I have a personal injury liability claim with the business property owners insurance company. They have investigated and deemed their insured at fault. After delays of just over a year, theoretically , waiting for medical and billing information, the claims representative has informed me that an offer will be forthcoming. I live in California and there is a 2 year statute of limitations on a liability claim. I'm 67 years old and I will be dealing with the pain and limitations my injuries have caused, for the rest of my life. How can I determine if their offer is a fair one, without seeking legal counsel?
Here's the deal. You are asking how to determine the amount of settlement that is fair like there is some book you can look it up in. Lawyers who work in this area spend years trying to develop their skills in evaluation--even then there may be wide divergences in opinion regarding the value of your case. I know you don't want to hear this but the best way to get the fairest value is to contact an experienced personal injury lawyer in your area who can really learn all of the facts of your case and negotiate it on your behalf. Believe me--it will be worth it even after you pay the legal fees. Good luck.
Without seeking legal advice from an attorney in the area where this suit would be filed, you have a very steep learning curve.
You may find it helpful to review the Legal Guides I have published on Avvo.com, one of which deals with the many elements of damages to which you may be entitled. This guide will at least inform you as to the various elements that need to be covered in any proposed settlement. When the carrier understands that you are dealing with this matter on your own and do not have the help of an experienced attorney, rest assured, they will try to take advantage of you.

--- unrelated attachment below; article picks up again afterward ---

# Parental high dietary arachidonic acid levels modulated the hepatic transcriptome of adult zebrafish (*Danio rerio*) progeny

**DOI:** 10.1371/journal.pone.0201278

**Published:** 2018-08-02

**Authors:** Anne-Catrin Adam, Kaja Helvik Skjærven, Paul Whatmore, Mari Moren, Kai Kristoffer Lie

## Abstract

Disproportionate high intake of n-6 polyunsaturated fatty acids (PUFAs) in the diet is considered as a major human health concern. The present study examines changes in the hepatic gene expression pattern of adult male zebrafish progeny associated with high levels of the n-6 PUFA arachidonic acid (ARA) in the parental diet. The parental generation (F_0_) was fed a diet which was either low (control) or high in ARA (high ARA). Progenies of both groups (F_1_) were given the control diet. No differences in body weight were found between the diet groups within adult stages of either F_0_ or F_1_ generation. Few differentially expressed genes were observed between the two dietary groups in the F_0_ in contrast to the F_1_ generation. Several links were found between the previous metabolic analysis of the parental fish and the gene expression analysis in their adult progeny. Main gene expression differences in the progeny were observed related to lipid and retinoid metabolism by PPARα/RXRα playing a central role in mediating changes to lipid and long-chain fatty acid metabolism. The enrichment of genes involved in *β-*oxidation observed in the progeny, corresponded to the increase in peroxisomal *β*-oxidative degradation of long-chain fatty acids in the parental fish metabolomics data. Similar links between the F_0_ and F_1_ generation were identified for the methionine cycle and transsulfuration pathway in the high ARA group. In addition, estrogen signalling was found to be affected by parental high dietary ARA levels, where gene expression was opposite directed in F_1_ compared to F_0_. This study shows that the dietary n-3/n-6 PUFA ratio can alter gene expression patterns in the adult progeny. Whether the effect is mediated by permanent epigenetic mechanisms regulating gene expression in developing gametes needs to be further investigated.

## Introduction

Remember, any insurance carrier is neither your friend nor your good neighbor. The sole goal of any insurance company is to pay you nothing or as little as possible on your claim.
Mr. Lundeen is licensed to practice law in Florida and Vermont. The response herein is not legal advice and does not create an attorney/client relationship. The response is in the form of legal education and is intended to provide general information about the matter within the question. Oftentimes the question does not include significant and important facts and timelines that, if known, could significantly change the reply and make it unsuitable. Mr. Lundeen strongly advises the questioner to confer with an attorney in your state in order to insure proper advice is received.